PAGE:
I wouldn't worry about it. It's all about "everything in moderation".
It seems Lustig isn't taken very seriously.
In other words, a healthy diet includes plenty of nutrient-rich foods, few nutrient-poor foods and a pinch of sugar to help it all go down. Sugar isn't the "white death" of lore. It's a dietary element that's packaged in foods, healthy and unhealthy alike.
That's a message most experts don't buy, including the NHMRC review panel and Robert Lustig, a pediatric endocrinologist with the University of California at San Francisco. "Saying sugar is not a problem would be laughable, if it weren't so dangerous," he claims.
According to Lustig, sugar is the driving force behind metabolic syndrome, a cluster of risk factors including, hypertension, cholesterol abnormalities, an increased risk for clotting and resistance to insulin, a hormone that regulates blood sugar, fats and proteins.
Brand-Miller rejects this. "Robert's views are based on studies that used extremely large amounts of fructose, not realistic amounts," she says.
Shrapnel goes further: "This guy is saying sugar causes metabolic syndrome. It doesn't. However, excess dietary carbohydrate, sugar or starch, can exacerbate some of the characteristics of the metabolic syndrome. That's very different."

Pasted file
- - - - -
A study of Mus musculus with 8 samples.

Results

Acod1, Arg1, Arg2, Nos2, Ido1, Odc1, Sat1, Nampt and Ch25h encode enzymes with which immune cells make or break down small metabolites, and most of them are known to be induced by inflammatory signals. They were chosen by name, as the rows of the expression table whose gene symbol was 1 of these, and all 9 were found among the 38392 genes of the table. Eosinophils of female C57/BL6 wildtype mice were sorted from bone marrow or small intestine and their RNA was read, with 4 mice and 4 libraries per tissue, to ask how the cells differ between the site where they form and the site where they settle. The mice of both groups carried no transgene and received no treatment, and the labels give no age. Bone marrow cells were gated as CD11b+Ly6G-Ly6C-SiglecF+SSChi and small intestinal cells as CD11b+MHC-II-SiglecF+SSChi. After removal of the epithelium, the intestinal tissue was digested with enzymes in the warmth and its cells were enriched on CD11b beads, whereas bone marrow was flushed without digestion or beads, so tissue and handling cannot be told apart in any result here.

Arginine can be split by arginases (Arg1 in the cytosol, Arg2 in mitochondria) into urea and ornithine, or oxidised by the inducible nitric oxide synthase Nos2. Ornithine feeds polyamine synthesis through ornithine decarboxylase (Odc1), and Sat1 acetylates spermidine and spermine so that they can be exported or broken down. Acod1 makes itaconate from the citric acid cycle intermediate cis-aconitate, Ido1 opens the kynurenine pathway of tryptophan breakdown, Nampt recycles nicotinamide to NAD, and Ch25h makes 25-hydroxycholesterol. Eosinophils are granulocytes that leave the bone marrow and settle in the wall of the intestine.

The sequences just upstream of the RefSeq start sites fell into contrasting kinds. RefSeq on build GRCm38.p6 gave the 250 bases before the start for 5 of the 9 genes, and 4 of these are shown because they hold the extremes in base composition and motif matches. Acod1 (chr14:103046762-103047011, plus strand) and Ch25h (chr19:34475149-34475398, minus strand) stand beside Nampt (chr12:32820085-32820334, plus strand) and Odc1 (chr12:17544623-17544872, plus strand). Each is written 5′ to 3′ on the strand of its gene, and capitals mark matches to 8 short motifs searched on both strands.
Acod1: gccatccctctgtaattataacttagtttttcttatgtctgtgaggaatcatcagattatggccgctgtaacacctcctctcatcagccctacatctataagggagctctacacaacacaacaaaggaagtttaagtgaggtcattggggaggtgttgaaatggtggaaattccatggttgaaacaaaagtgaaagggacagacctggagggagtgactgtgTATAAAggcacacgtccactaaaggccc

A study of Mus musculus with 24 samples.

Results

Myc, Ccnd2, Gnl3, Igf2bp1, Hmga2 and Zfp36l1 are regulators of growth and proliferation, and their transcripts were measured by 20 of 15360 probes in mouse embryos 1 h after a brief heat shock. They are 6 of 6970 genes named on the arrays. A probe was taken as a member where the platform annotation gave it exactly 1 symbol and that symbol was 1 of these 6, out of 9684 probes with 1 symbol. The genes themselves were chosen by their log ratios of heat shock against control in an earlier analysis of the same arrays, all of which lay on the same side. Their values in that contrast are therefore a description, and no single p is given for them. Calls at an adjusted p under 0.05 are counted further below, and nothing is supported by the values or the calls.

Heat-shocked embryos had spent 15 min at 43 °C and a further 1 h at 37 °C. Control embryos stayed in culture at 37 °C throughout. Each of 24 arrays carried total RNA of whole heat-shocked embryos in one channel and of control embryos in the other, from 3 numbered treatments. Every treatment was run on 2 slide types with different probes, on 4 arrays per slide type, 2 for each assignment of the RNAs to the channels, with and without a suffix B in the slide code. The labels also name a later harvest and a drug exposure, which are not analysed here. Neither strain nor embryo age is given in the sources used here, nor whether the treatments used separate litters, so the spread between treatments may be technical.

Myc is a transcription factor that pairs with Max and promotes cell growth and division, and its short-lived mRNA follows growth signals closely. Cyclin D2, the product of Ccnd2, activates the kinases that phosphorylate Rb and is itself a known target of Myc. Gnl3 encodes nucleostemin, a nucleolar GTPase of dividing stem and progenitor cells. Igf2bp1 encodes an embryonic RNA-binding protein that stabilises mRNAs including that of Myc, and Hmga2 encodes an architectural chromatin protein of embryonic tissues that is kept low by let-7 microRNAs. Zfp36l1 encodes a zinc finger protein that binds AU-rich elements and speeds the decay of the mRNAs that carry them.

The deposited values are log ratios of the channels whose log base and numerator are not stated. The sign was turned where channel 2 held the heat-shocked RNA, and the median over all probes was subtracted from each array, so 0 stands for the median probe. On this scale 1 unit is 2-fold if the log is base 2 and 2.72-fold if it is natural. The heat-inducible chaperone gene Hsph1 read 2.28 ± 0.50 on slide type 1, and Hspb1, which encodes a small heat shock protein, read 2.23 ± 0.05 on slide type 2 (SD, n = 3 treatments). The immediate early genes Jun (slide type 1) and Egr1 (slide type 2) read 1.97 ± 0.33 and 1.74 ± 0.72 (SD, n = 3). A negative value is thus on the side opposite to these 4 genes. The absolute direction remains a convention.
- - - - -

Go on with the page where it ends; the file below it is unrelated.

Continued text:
But it's not just two against the world. Increasingly, public health experts such as the University of Melbourne's Rob Moodie are widening the diet debate.
"The claim that sugar is not a dangerous substance per se is right," says Moodie, who chaired the National Preventative Health Taskforce until it wound up last April. "But sugar is the major contributor to the energy or calorie overload. The whole debate is about portion size, the amount of food. There's not one evil or one magic bullet in this debate."
Lustig and Taubes are propagating the ONAAT fallacy. Like Atkins and others who have come before them, they appear to be dualists who divide the spectrum and subtleties of food into good vs. evil; and iconoclasts who get attention by challenging conventional wisdom.
The redundant aspirations of dietary dualistic iconoclasts over a span of decades have done us no favors. This good vs. evil foodview invited us all to cut fat and eat Snackwell cookies; then to cut carbs while ignoring trans fat. We could waste a lot of time and squander a lot of health finding more, equally silly places to go.
Calories, of course, do count; they are a measure of energy, and their role is rooted in the laws of thermodynamics. It is the overall quality, and quantity, of our diet that matters to health- not just one villainous or virtuous nutrient du jour. We should, indeed, eat food, not too much, mostly plants. The work we need most urgently is about what it will take to get there from here.
As dietary guidance, the vilification of one nutrient at a time has proven as flighty as hummingbirds, propelling us from one version of humbug to another. My advice is to grasp firmly your common sense, and stay grounded.